HEALTH: Slapping children wrong, could cause deafness, paediatricians warn.
Child health experts have warned parents against using harsh and violent measures when punishing their children.
The medical experts said parents should put a stop to slapping their children as a form of punishment, warning that it could lead to deafness.
According to the physicians, violently slapping a child could adversely impact a child’s entire life as the child could suffer permanent hearing loss.
Speaking with our correspondent, a Consultant Paediatric Haematologist and Oncologist at the Lagos University Teaching Hospital, Idi-Araba, Prof. Edamisan Temiye, said harshly treating a child also increases the rate of aggression in society.
The paediatrician explained, “A child that is treated in a harsh and unfriendly manner is likely to repeat that in his or her children.
“Children who are from a friendly and loving family, usually are brighter and they express themselves more. And they contribute more positively to society than those children who come from those places where children are shouted at and beaten.
“When you slap a child and the eyeballs become turned, it is dangerous as it can cause injury to the child.
“The child may eventually develop deafness from that for life. When you slap a child and injure the middle ear, if it is not treated properly, the child can become deaf from it.”
Prof. Temiye said it was unacceptable for parents to also starve their children of food as a form of punishment, describing the act as cruel.
The child health expert noted that not allowing children to express themselves is not good at all.
He said, “From childhood, you should allow a child to express himself or herself. And correct them with love when they are wrong. There are many ways of correcting them without shouting at them.
“You can correct your child without inflicting injury on him or her both physically and psychologically. And that is what we should learn.
“When we threaten them not to talk, they become timid, and become a timid adult, and at the end of the day, society will not benefit from it.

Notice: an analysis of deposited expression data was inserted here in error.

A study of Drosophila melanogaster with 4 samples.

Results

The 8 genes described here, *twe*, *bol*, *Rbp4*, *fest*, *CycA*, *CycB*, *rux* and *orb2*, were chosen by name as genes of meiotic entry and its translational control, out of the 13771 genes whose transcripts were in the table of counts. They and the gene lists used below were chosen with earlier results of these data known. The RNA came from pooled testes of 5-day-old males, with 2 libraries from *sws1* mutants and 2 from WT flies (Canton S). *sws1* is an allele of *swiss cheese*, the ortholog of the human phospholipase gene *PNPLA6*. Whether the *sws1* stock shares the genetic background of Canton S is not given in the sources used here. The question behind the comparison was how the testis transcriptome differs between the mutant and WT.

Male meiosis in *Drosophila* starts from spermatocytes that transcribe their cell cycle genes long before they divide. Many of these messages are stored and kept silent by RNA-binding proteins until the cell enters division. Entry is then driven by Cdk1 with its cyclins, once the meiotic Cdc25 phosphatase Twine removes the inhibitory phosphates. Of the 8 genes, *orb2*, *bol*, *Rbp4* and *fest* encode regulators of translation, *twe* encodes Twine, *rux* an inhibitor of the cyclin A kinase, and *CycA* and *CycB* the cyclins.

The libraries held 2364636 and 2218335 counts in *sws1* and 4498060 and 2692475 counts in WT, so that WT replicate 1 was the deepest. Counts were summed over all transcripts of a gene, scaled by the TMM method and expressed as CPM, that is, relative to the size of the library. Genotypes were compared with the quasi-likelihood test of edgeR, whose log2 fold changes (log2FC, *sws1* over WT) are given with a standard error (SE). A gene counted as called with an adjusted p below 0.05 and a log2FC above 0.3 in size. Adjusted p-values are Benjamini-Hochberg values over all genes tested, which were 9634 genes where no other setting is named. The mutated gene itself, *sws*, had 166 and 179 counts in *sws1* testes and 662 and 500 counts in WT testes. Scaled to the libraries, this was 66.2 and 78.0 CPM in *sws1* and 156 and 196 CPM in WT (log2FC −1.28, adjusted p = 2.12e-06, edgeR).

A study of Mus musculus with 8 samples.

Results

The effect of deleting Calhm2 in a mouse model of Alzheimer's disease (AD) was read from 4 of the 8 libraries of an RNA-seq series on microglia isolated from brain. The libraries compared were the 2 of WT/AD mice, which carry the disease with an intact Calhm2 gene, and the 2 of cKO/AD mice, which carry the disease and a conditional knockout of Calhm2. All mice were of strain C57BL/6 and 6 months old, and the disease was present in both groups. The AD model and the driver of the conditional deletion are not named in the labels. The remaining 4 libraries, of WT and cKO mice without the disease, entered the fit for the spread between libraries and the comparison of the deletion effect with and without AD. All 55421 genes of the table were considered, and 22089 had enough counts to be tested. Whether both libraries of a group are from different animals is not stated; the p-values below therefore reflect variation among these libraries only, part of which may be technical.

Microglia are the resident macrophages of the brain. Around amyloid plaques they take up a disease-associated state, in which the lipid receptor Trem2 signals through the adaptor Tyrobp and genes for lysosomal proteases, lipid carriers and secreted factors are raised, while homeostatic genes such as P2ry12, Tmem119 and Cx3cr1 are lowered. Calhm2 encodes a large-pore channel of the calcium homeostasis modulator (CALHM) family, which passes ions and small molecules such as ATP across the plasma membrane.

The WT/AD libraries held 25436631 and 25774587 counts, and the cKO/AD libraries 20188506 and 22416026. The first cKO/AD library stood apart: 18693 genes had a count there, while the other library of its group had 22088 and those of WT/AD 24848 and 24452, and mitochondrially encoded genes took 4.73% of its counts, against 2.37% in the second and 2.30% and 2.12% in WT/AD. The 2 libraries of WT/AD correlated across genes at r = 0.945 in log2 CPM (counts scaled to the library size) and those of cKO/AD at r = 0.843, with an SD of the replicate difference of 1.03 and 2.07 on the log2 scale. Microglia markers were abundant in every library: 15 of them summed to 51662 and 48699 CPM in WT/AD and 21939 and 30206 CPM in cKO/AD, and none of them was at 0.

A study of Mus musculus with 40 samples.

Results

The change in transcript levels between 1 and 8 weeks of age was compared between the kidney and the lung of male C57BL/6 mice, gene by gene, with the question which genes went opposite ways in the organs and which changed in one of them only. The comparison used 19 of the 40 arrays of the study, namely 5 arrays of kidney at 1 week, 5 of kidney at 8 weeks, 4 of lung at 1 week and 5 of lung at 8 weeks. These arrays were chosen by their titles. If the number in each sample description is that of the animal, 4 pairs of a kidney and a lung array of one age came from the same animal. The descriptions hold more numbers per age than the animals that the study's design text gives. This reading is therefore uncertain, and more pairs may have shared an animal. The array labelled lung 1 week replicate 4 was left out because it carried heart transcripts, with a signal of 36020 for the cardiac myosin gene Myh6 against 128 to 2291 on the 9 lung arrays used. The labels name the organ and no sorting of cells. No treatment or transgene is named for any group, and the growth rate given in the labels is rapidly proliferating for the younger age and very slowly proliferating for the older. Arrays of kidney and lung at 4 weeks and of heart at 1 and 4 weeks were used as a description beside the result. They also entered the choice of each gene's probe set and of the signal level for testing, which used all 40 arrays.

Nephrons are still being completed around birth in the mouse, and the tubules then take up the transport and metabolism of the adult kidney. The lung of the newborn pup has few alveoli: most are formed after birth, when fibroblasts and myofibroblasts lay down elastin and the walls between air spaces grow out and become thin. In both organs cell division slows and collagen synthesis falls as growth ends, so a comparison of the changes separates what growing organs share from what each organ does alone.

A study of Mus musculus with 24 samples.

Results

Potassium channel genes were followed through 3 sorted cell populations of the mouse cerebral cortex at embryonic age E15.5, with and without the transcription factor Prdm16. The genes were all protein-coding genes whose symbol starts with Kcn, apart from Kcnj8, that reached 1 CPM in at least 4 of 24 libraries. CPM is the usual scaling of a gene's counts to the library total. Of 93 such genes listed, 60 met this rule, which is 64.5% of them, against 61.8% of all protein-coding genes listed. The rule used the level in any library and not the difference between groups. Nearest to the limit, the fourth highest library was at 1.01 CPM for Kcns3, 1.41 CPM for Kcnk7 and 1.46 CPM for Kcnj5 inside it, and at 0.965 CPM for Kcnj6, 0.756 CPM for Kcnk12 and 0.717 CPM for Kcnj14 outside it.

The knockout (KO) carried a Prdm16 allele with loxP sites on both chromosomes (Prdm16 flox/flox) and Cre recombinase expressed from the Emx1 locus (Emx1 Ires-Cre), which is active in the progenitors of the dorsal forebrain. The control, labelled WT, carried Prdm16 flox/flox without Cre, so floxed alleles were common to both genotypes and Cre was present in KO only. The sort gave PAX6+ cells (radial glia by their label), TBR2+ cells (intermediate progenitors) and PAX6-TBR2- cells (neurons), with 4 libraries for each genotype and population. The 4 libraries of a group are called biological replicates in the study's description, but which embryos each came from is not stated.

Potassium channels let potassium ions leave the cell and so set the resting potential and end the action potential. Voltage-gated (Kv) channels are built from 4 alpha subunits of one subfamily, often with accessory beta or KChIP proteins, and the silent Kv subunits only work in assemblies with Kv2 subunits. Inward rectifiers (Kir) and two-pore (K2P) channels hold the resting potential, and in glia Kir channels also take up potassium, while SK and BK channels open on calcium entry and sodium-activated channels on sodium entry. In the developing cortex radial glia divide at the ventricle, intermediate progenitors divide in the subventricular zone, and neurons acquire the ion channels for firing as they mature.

“Harshly treating a child affects their psychological development and their ability to contribute to the growth of the society.”
According to the United Nations Children’s Fund, shouting and hitting children simply do not work and can do more harm than good in the long run.
Also speaking with PUNCH HealthWise, a Consultant Paediatrician, Nephrology Division at the Federal Teaching Hospital, Katsina, Dr. Abdurrazzaq, said children who are abused might develop low self-esteem, depression, bed wetting, and poor academic performance.
He said, “A parent should worry when a child who has previously attained bladder control for more than half a year suddenly starts bed-wetting without any obvious sickness.
“One should look around the home environment, playgroup as well as the school. Tell-tale signs could include withdrawal from activities, moody appearance, loss of appetite, or poor school performance.
“Where the abuse is perpetrated by the parents, it may be difficult to make a diagnosis on time. Therefore, the teacher also has a big role to play to unravel the problems.”
Repeated shouting and hitting, UNICEF noted, does not improve the behaviour of children but is rather harmful to them.
“The continued ‘toxic stress’ it creates can lead to a host of negative outcomes like higher chances of school dropout, depression, drug use, suicide, and heart disease.
“When we know something doesn’t work, that’s a pretty good reason to look for a different approach.”
“Rather than punishment and what not to do, the positive discipline approach puts an emphasis on developing a healthy relationship with your child and setting expectations around behaviour,” UNICEF said.
A review of recent studies conducted by an international group of scientists and published in The Lancet indicated that physical punishment of children is not effective in preventing child behaviour problems.
The review revealed that physical punishment does not improve the behaviour of children.
The researchers looked at 69 studies most of which were from the United States and revealed that instead of promoting positive outcomes, physical punishment increases behaviour problems and other poor outcomes over time.
According to the researchers, 63 per cent of children between the ages of two and four worldwide – approximately 250 million children – are regularly subjected to physical punishment by caregivers.
Sixty-two countries, they noted have banned the practice, which is increasingly seen as a form of violence.